Bar Bulletin

Bar Bulletin

Outstanding Judge Award: King County Superior Court Judge Dean Lum

June 2019 Bar Bulletin

By Russ Aoki

Judge Dean LumKing County Superior Court Judge Dean S. Lum’s life story is one of gratitude and giving. If the saying “walk the talk” is a true measure of character, then Judge Lum has walked many miles and touched upon many lives. 

His good character is why he is so deserving of the King County Bar Association’s Outstanding Judge Award. He is a longtime, dedicated member of the bench, who looks at his every achievement as an opportunity to give back to our judicial system, legal profession and communities. 

His journey started in 1958, when he was adopted out of a Hong Kong orphanage and brought to the U.S. at 9 months of age. He one of four adopted children of Chinese-American community stalwarts Abe and Helen Lum. 

He grew up on Seattle’s Beacon Hill at a time when most Chinese were required to live on the “Hill” because nobody would sell them homes anywhere else. He spent his childhood on the “Hill,” in the Rainier Valley and the International District. 

Judge Lum looks at the experience as one that helped mold his view of the world. “It’s hard to overstate the impact of growing up in that incredibly diverse environment,” he said. “You learned quickly to find common ground, to treat others with dignity and respect no matter where they came from or who they were and to work tirelessly on inequality.”

Judge Lum graduated from Franklin High School, Pomona College and the University of Washington School of Law. After graduation in 1983, he served as a deputy prosecuting attorney in the Criminal Division of the King County Prosecuting Attorney’s Office for seven years, trying dozens of felony jury trials to verdict. This included teaming with Ricardo Martinez, now chief U.S. District Court judge for the Western District of Washington, in a high-profile, aggravated-murder case. From 1990 to 1998, he practiced complex civil litigation as a partner/shareholder in several Seattle law firms and was a founding shareholder of Forsberg & Umlauf, P.S.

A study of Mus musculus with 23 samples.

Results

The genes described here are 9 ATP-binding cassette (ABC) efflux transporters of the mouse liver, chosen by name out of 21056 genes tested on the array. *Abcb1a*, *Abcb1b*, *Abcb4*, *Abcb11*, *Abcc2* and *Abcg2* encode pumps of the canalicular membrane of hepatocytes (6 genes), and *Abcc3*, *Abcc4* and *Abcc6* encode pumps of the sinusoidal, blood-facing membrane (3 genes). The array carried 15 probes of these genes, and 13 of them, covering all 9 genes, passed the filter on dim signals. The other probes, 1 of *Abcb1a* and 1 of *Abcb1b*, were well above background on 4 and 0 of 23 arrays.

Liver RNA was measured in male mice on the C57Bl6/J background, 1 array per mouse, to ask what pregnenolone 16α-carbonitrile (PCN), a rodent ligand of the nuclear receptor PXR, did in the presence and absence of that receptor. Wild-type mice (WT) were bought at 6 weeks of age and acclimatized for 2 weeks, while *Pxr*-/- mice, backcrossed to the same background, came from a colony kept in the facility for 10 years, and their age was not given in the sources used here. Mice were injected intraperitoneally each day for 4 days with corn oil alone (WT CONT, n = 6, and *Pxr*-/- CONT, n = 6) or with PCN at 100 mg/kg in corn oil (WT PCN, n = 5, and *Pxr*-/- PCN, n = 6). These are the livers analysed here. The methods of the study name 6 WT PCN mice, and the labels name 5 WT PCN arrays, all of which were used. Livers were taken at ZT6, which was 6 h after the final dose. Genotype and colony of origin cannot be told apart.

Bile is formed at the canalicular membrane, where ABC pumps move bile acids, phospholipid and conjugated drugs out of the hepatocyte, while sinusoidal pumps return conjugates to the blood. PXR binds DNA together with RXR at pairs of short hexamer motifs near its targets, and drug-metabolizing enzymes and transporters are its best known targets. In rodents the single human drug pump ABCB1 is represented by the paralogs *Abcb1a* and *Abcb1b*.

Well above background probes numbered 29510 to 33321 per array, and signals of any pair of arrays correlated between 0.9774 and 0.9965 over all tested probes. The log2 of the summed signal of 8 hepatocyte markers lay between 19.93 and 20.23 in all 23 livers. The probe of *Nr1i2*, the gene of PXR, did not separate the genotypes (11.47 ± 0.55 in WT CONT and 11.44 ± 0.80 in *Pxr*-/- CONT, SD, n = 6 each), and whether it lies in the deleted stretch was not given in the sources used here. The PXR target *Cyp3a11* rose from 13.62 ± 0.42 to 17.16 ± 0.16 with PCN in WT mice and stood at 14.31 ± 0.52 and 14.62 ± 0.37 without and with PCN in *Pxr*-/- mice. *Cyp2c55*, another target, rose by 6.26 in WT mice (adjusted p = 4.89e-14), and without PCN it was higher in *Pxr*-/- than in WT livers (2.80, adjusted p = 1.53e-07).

Judge Lum was appointed to the King County Superior Court bench in 1998 by Gov. Gary Locke and is now one of most senior Superior Court judges in the state. He serves as judge of the county’s Drug Diversion Court and has served as the Superior Court’s chief civil judge, chief criminal judge, and chief judge at the Regional Justice Center in Kent, as well as taking a seat on the Court’s Executive Committee. 

He is on the faculty for the National Judicial College, is a past dean of the Washington State Judicial College and teaches trial advocacy from a judge’s perspective as an adjunct professor at Seattle University School of Law. He recently served on King County’s Inquest Process Review Committee.

Life could have been very different for Judge Lum had it not been for Abe and Helen Lum, and he knows it. He has given back by co-founding in 2001 and chairing National Adoption Day in King County and Washington, an event co-sponsored by KCBA. It has grown to include most counties in the state and is one of the largest celebrations in the country. The celebration highlights the foster children available for adoption who are looking for forever families and permanency.

Besides dedicating countless hours to improving the judiciary, Judge Lum is active in local, state and national bar associations and civic activities. He is a past president of the Asian Bar Association of Washington (1992) and received the 2002 Trailblazer Award from the National Asian Pacific American Bar Association. 

He has been a member of the Washington State Sentencing Guidelines Commission; vice chair of the Seattle Community Colleges District Board of Trustees; chair of the University of Washington President’s Minority Community Advisory Committee; member of the ABA’s Standing Committee on Public Education, and its Commission on Immigration. He serves on the ABA’s Committee for Diversity in the Educational Pipeline and its Immigration Working Group on Unaccompanied Minors, for which he has visited and reported on conditions at the immigration detention centers in Southern California and Texas.

Having known Judge Lum for more than 30 years, I can attest to his character and especially his good nature. He inspires all of us. KCBA’s award for Judge Lum’s 21 years of service on the King County Superior Court bench and elsewhere is well deserved.